Concentrating on the personal lives of those involved, a war correspondent takes us through the preparations, landing and initial campaign on Guadalcanal during WWII.Written by
Doug Sederberg <email@example.com>
The film's opening prologue in the preface of a book states: A new chapter in the history of America by a correspondent who landed on Guadalcanal with the first detachment of United States Marines. See more »
A story of brave men who fought on a shoestring in tropical purgatory, and won!
The island this film is named after is not big as islands go. Ninety miles long by roughly, twenty-odd miles wide, it lay roughly, north west by south east. The high point of Guadalcanal rose up to about 8000 feet; covered with low cloud and forest.
This film then, based on the book of the same name, and written by the war correspondent, Richard Tregaskis is, in my opinion, a better movie than, "The Sands of Iwo Jima", when it comes to paying tribute to the war record of the U.S. Marine Corps in World War Two.
I liked the opening scenes aboard the troop transport. A pleasant, and lazy Sunday morning. A religious service and hymn singing held on deck. Navy Chaplain, Father Donnelly (Preston Foster), presiding. Lloyd Nolan, as Sergeant Malone, an often under-rated actor in my opinion, wisecracking with 'Taxi' Potts, a Dodgers fanatic played by the always-likable. William Bendix. There is Richard Conte as Captain Davis. Anthony Quinn, forever a Latin-type character, Private Alvarez. Schoolboy-faced Richard Jeackel in his first-ever role, after being hoisted up from the studio mail room at Twentieth Fox. Minor Watson as Colonel Grayson, was always a reliable father-like figure who, when he landed on the beach, said this operation was unlikely to be any picnic. How right he would turn out to be. What added a shine to this film from the opening scenes was Reed Hadley narrating the story of the campaign as it unfolded, as if it was Richard Tregaskis himself. Hadley's narration seems to make the atmosphere of the film gel perfectly. A king of semi-documentary realism, if you will.
The first prisoners to be brought in are trembling, half starved in appearance, and in fear of their lives. 'Are these the monkeys were fighting?' asks Lionel Stander, as Sergeant Butch. This is the first impression they get of what passes to the marines as Japanese soldiers. It will turn out to be a false impression, soon enough. As they push further inland, the realisation soon grows that occupying this far from small, God-forsaken island is going to be no pushover. Colonel Grayson's 'no picnic' turns out to be an ugly truism.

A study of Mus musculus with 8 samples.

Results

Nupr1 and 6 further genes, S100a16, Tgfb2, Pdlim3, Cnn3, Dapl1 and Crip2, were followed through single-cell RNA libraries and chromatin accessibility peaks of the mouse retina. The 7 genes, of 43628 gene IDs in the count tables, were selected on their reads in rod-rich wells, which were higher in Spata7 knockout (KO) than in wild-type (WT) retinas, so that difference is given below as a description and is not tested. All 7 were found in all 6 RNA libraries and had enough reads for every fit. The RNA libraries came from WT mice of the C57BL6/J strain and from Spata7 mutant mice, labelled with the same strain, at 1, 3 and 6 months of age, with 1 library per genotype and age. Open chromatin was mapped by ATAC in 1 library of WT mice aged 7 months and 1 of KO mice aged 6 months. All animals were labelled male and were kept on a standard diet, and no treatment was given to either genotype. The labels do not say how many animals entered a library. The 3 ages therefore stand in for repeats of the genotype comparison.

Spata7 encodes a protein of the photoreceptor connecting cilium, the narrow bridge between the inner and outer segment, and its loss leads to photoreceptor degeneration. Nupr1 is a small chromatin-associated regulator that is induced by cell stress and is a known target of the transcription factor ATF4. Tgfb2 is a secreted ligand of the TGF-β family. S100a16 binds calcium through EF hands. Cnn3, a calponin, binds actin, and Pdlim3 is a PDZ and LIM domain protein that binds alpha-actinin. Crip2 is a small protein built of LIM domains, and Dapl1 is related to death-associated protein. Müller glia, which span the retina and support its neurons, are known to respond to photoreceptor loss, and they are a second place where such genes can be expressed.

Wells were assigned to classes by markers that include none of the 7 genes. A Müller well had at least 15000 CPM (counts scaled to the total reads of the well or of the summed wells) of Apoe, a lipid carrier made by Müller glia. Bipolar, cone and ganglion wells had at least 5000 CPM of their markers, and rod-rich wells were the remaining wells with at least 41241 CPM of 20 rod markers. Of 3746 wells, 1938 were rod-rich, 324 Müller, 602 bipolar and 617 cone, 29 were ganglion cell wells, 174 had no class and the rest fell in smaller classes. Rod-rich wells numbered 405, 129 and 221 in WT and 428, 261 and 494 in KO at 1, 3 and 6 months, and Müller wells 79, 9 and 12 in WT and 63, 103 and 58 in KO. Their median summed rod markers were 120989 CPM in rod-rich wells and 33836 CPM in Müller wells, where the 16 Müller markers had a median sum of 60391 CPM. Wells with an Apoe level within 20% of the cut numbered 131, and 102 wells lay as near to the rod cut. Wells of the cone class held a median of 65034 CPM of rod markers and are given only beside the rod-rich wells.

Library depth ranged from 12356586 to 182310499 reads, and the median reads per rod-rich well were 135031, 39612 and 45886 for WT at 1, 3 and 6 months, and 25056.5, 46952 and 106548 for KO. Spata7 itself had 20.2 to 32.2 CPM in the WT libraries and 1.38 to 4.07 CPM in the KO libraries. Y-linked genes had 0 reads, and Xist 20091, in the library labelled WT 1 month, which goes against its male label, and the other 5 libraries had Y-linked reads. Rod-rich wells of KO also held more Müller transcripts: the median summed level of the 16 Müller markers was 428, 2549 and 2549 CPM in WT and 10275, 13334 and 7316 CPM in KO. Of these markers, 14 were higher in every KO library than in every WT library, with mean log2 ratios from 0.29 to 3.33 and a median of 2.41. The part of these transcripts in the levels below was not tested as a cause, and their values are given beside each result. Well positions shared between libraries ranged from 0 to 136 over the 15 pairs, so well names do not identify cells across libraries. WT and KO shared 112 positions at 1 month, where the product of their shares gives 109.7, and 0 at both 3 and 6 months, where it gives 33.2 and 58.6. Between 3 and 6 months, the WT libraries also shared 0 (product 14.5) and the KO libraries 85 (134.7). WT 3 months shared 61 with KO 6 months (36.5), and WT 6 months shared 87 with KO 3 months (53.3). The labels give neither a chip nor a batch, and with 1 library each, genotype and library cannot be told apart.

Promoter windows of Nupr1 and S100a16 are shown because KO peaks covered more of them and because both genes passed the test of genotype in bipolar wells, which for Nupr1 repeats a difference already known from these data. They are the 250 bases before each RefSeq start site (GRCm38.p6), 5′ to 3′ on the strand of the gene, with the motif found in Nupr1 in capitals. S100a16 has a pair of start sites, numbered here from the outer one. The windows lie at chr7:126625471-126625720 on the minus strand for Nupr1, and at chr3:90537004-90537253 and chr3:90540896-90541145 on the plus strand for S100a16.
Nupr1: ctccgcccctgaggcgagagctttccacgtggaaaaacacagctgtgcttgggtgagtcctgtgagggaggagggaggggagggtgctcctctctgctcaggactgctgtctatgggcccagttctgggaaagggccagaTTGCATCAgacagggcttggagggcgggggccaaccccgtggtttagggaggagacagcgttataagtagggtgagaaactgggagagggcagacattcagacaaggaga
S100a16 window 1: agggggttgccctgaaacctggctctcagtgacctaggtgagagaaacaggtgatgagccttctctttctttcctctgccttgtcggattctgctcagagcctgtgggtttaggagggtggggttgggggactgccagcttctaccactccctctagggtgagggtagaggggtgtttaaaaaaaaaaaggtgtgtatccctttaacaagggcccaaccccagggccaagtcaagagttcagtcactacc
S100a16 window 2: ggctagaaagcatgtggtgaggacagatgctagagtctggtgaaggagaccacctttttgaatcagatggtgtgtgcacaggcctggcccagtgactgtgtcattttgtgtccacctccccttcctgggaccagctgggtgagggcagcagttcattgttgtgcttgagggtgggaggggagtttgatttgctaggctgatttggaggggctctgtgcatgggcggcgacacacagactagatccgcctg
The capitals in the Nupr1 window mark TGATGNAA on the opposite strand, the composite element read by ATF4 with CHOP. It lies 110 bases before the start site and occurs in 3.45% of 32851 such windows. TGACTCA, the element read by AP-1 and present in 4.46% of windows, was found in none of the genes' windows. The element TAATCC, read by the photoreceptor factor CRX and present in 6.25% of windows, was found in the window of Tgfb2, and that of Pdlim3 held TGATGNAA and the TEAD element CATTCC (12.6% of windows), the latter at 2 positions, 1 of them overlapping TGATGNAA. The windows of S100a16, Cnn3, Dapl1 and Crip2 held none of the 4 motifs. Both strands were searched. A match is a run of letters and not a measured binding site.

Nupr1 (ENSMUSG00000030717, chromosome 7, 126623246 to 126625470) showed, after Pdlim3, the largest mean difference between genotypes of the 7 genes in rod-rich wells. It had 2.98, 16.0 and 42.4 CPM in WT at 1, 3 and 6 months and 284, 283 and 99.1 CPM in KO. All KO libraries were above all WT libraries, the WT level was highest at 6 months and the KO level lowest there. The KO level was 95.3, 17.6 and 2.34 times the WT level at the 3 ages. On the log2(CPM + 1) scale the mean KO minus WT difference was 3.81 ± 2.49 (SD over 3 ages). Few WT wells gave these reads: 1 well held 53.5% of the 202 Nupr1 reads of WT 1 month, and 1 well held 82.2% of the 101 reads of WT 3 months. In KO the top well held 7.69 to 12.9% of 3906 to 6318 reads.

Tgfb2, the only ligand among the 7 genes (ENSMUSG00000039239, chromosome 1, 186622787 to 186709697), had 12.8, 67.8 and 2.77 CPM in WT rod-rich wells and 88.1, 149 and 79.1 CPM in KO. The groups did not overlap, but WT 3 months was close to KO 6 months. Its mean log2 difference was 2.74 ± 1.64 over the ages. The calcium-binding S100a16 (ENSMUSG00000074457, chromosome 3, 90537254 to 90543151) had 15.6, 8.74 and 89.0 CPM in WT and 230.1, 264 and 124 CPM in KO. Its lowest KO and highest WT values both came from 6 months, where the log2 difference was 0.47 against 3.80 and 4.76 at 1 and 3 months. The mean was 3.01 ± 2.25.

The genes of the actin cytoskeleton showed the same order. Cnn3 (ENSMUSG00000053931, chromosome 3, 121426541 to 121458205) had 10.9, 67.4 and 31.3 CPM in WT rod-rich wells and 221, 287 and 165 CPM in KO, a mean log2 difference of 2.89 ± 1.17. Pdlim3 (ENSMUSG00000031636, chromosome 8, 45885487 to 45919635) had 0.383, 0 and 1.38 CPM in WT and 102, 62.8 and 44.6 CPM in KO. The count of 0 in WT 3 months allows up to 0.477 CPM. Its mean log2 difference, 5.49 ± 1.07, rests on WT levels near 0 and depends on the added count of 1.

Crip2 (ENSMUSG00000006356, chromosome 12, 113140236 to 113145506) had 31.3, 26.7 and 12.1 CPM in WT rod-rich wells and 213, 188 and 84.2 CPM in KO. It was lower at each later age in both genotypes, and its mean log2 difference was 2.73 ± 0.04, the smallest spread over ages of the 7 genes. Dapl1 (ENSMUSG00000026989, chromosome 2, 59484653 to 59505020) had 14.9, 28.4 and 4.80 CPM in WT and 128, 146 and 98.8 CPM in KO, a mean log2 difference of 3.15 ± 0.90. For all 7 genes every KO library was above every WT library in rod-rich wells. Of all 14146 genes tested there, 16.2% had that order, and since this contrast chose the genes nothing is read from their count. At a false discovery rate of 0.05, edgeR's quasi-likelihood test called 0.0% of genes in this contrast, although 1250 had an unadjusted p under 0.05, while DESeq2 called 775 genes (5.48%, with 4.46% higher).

With the Matanikau expedition a tragic failure, after landing from the sea, the realisation they're up against a determined and ferocious enemy, sinks deeper. Private Alvarez is the sole survivor from Matinikau, making it back to his own lines. Shaking with a combination of shock and vengeful anger, he recalls the other marines being picked off and bayoneted as he heads back and dives into the surf to escape.
With the second assault on Matinikau, the marine's blood is up, and they're out for blood. The Jap is taken on at his own game. The gloves are off and the chips down. They fight ruthlessness and cunning with same. And overwhelm a fanatical enemy.
In the closing scenes, the marines are relieved by fresh but yet-to-be-tried army infantrymen straight off a troop transport. One of the GI's calls out to the blooded veterans, 'What's it like?' A tired-looking Sergeant Malone answers, 'Pretty rugged, son'. For Malone, like the rest of the marines who entered the jaws of conflict and survived, they look older, and wiser. And were not found wanting. There it is then, a film that grandly commemorates the old, young men of a single platoon of the 1st Marine Division. Names on a map unknown, now entered into the history books, and the Marine Corps Hall of Fame. Matanikau, Lunga Point, Tenaru River, Bloody Ridge, Point Cruz. All fought over for a airstrip; named after Lofton Henderson, a distinguished marine pilot from the Battle of Midway.
Guadalcanal is not a name, but an emotion. So said Professor Samual Elliot Morison, the U.S. Naval Historian. How true. The Japanese were not the only enemy. There was dengue fever, malarial swamp, and humidity to sap the energy, all wrapped around with a foul-smelling jungle. There was a epitaph found at the Marine Cemetery at Lunga Point. It would have been appropriate to have displayed it along with the end credits of this film. It goes:-
That when he goes to heaven./ To Saint Peter he will tell./ Another marine reporting Sir./ I have served my time in hell.
How truthfull that piece of poetry turned out to be.